How to upgrade your business devices to the latest version of iOS and macOS
Preparing for the latest version of Apple's OS with minimal business disruption
Later this year, the latest version of Apple's OS will be coming to a device near you. For businesses using Apple devices, getting the new features into the hands of users without disrupting workflows or slowing productivity can be a challenge, especially when factoring in the speed at which Apple users like to upgrade.
Contrary to other ecosystems, major new versions of Apple's operating systems - macOS, iOS, watchOS and tvOS - are released annually. A combination of the simple upgrade path and no cost helps to drive impressive adoption rates for consumers. This is in stark contrast to Windows, where Windows 7 still remains more popular than the newer Windows 10, or Android where the latest OS is slowly rolled out, resulting in just a minority of devices running the latest version.
There's a strong case to be made for allowing end users to update their devices on the day the new operating systems are released. Old versions of software are always less secure, and encouraging users to upgrade to the latest operating systems as soon as possible will help ensure your business doesn't fall prey to data breaches and system vulnerabilities.
So what's the best way to prepare for and implement an upgrade in your business?
Upgrading to the latest version of macOS
There are several ways to carry out upgrades on a Mac. The most common upgrade path for macOS is an in-place upgrade, which involves installing the operating system while keeping user data intact.
One method for conducting an in-place upgrade is to send an MDM command to Macs enrolled in Apple's Device Enrollment Program (DEP). Like iOS, this MDM command will trigger your Macs to download the new OS from Apple and automatically install it on devices. However, this will only work for Macs enrolled in DEP.
For Macs not enrolled in DEP, it is easier to carry out in-place upgrades by pre-packaging the macOS installer for the user, which is then installed automatically.
Imaging, which is a set of technologies that are used in a variety of deployment scenarios, is being replaced with native Apple technologies. Long-term, imaging options will continue to become less relevant when it comes to managing a Mac deployment.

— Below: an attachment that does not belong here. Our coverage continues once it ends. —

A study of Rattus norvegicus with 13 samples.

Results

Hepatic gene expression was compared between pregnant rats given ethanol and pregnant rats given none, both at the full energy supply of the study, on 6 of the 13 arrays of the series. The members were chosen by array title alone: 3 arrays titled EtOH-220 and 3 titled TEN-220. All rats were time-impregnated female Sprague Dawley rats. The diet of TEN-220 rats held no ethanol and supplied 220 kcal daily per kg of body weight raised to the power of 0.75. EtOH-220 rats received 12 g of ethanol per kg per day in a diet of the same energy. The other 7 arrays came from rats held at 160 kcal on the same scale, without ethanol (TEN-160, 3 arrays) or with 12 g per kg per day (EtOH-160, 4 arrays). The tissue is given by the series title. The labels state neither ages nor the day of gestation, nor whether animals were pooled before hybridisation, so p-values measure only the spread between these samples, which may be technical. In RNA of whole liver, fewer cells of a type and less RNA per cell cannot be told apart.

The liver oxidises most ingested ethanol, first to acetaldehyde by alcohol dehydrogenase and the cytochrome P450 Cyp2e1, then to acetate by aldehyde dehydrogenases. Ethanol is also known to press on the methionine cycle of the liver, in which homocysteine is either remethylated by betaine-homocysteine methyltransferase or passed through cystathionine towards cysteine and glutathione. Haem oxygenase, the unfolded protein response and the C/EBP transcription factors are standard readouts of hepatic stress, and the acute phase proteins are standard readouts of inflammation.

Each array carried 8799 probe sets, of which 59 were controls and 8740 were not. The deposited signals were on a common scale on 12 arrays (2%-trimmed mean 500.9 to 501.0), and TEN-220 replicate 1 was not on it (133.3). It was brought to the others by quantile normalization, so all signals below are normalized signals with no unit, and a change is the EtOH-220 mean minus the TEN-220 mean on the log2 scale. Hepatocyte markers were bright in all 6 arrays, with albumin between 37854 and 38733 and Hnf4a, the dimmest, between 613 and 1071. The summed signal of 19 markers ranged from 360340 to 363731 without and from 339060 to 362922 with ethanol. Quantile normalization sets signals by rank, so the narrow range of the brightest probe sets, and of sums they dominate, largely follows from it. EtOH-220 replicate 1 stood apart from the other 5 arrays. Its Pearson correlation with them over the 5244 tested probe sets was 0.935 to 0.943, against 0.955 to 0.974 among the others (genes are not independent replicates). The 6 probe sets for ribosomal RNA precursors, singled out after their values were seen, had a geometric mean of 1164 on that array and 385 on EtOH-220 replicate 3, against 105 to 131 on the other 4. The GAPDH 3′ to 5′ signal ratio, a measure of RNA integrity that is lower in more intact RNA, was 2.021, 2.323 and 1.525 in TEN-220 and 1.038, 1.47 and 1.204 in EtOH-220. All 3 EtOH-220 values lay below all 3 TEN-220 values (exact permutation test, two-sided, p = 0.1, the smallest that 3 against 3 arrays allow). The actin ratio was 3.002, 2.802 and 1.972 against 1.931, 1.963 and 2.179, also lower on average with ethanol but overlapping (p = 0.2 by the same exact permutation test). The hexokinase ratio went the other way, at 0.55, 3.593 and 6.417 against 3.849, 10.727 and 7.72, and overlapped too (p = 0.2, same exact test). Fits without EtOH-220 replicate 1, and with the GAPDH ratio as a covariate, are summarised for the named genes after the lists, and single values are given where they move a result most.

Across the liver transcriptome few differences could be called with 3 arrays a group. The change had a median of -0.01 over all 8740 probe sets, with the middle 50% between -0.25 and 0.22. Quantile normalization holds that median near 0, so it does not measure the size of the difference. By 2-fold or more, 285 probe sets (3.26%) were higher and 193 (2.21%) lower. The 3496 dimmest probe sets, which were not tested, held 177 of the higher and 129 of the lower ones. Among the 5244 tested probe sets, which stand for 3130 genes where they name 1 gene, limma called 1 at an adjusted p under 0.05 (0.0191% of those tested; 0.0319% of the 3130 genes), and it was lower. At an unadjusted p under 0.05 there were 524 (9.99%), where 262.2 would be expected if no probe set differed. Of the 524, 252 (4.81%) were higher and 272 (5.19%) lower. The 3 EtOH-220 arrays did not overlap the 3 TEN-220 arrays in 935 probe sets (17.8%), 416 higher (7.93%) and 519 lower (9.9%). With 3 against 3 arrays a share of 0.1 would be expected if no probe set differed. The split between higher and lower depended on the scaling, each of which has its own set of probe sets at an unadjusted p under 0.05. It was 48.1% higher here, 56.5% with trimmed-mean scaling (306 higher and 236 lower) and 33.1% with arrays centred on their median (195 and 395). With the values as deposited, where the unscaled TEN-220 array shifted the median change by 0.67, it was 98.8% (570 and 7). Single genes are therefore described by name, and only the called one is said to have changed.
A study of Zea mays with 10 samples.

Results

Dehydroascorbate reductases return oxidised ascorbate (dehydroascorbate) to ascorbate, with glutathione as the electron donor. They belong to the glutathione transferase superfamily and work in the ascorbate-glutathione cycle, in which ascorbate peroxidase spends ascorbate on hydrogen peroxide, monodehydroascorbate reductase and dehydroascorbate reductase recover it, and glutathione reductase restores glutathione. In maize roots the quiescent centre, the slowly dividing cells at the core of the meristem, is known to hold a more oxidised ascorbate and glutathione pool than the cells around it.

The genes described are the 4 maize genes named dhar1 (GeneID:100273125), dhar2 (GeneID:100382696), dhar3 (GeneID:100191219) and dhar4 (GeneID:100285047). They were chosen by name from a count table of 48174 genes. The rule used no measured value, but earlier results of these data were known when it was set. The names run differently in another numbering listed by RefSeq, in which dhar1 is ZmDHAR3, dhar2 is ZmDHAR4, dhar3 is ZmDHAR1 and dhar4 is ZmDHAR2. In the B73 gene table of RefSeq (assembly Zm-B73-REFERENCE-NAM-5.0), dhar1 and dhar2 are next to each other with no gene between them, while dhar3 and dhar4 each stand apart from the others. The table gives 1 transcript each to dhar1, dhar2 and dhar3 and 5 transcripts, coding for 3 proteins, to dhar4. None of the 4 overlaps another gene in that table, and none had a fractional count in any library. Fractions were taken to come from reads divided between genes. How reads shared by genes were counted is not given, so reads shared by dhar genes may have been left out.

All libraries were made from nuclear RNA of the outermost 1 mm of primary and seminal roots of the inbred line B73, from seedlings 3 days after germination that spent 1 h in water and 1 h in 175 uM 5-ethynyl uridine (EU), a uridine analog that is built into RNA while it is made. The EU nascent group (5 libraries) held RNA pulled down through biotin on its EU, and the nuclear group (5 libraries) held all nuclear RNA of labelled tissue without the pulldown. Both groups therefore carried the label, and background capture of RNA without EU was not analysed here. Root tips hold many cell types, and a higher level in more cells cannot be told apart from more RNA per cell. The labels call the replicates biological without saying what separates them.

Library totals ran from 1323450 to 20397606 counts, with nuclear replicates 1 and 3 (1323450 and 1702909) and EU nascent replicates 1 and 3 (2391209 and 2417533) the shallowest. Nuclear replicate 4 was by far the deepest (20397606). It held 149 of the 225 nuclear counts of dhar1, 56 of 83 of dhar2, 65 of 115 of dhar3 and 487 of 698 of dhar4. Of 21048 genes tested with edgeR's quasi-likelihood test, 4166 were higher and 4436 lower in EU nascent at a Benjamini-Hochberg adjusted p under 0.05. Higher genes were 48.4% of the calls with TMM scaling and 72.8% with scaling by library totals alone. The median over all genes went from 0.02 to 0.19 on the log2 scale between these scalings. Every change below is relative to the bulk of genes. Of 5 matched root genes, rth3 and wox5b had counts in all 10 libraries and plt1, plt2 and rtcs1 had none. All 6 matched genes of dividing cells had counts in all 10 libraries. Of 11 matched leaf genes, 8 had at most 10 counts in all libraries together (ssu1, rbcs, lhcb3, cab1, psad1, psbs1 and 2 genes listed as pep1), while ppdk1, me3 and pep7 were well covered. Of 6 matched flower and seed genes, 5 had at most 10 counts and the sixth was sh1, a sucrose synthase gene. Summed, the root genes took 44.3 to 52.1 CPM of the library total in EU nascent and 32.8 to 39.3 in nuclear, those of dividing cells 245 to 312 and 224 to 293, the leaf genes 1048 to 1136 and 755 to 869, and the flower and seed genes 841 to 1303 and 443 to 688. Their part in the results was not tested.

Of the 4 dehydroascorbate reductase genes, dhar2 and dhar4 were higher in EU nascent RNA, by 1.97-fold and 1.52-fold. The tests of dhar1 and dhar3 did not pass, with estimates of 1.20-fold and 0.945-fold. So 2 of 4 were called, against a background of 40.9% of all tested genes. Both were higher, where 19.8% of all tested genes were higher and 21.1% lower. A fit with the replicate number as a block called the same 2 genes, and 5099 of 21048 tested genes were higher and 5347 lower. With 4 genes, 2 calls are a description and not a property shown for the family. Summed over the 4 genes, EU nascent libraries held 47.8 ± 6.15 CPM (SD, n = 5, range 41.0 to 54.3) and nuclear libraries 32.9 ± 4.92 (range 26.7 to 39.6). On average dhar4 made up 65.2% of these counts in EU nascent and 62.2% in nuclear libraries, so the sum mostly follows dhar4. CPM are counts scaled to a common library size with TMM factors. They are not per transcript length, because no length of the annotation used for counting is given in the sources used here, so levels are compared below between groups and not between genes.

The latest upgrades for macOS requires users to be connected to the internet when upgrading. This is due to firmware updates Apple installs on the Mac, further strengthening device security. Only the macOS installer can download and install these firmware updates, which validates Apple as the source of the critical firmware.
Upgrading to the latest version of iOS
Unlike macOS upgrades, there is only one workflow for iOS upgrades. They are made available by Apple and are then installed by the end user. While organisations can't block end users from upgrading, they can mass upgrade end users on supervised devices (running iOS 10.3 or later), leveraging the upgrade MDM command.
With iOS 11, organisations were able to manually enroll iOS devices regardless of how they were purchased, using the Apple Configurator to retroactively add devices into DEP.
During DEP enrollment, MDM is no longer optional and all iOS devices will now be supervised. While this may not impact your workflows, consider the potential impact to the end-user experience and setup process, and keep in mind that supervision and DEP now go hand in hand.
Communicate the plan to end users
When it comes to upgrades, it's better to err on the side of caution and overcommunicate than for people to miss out key details of the plan. Not every end user is aware of the time it takes to upgrade a Mac. It is wise to inform users in advance of the average upgrade time, and communicate the best time of day to upgrade.
It is also essential that your end users back up their device(s) before they update just in case there are any hitches with installation, regardless of whether their backup is localised or through iCloud.